Two more candidates have announced their intentions to run for sheriff in the special election. Warren Waye and Mark Floyd, who both ran for sheriff in 2008, are embracing the opportunity to hit the campaign trail again.
Waye said when the community demanded a candidate with law-enforcement experience, he knew it was time to throw his hat back into the ring.
Waye, who has lived in Midway for 20 years, said he is a 14-year law-enforcement veteran. He spent 10 years with the Liberty County Sheriff’s Office as the school resource officer and four years at Fort Stewart as a civilian DoD officer. He is currently employed as a community policing officer in Brunswick.
Floyd, who owns Southern Waste Services, said he thinks the county needs a “working sheriff” and that’s exactly the kind he wants to be.
“The people of Liberty County need a working sheriff that will help everyone,” Floyd said. “For me, it’s not about the title, but about the job.”
The candidate said he doesn’t want to focus on defeating opponents as much as he wants to prove himself worthy of the job.
Floyd said he spent 10 years in his teens and 20s working with the sheriff’s office. His father and grandfather both have served as police chiefs.
“I’ve always been around police work, and I’ve always loved helping people,” he said.
Floyd said he wants to be involved in the community as much as possible. He wants to have an open-door policy that will enable residents to talk with him either at the sheriff’s office or at a location of their choosing.
Floyd said he will continue to combat gang and drug activity in the area.
“But the safety of the children will be my top priority,” he said. “They’re our future.”
The candidate believes talking with young people will help them respect the sheriff’s office and other law enforcement officers.
Waye’s political stance echoes his platform from the 2008 race.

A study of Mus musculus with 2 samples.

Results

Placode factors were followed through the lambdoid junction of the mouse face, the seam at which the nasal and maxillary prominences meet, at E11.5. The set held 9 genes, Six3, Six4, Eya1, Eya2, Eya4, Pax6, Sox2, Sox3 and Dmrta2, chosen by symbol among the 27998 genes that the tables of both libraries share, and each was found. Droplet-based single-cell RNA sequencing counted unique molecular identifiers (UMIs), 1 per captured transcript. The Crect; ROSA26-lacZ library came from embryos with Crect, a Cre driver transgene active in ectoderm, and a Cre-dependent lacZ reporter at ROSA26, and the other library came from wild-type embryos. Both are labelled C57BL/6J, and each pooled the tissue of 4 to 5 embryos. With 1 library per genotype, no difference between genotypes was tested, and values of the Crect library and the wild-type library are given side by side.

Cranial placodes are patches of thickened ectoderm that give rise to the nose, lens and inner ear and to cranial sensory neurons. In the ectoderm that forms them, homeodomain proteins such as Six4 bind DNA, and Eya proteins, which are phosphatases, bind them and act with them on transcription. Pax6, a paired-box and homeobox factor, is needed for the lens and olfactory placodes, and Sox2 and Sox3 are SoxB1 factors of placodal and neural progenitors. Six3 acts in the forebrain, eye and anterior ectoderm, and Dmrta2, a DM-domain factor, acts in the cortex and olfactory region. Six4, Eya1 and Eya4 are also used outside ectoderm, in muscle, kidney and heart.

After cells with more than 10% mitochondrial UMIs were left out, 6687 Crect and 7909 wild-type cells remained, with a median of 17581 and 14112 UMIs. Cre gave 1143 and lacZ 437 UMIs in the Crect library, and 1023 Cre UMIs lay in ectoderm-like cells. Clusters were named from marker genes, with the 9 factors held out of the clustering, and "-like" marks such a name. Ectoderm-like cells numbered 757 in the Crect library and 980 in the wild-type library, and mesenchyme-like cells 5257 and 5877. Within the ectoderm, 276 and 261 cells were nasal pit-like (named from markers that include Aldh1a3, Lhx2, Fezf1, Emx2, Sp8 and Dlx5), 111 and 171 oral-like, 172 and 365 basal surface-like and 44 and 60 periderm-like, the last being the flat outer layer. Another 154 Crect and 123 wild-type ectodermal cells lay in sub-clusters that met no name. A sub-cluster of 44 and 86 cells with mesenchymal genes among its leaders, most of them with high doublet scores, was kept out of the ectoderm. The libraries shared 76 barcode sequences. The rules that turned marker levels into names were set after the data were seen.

“I really want to build a relationship with the community,” he said.
Creating a re-entry program for inmates at the Liberty County jail is another goal Waye would like to see accomplished. The re-entry program would help inmates earn a GED or teach them trade skills that they could use once they are released.
“This program would give them options or something to fall back on when they go back into the community,” Waye said.
The special election was called after Sheriff J. Don Martin died in May. His wife, Polly Martin, was appointed to serve as interim sheriff until the special election.
Jerald Burgess, Steve Sikes and Quinton O’Neal also have announced their intentions to run for sheriff.
While many candidates are coming forward to announce their intents to run for sheriff, a second preliminary candidate has dropped out the race.
Rondy C. Bacon called the Courier’s office Thursday afternoon and said he was leaving the race to concentrate on finishing his degree in criminal justice.
“I was originally thinking of running during the regular elections,” Bacon said. “I’m going back to that original plan and will put my efforts into finishing my degree first.”
He is the second candidate to drop out of the race. Liberty County Sheriff’s Office Chief Deputy Keith Moran changed his mind about running a few weeks ago.
Qualifying for the sheriff’s race began Monday and ends at noon today.
Patty Leon contributed to this report.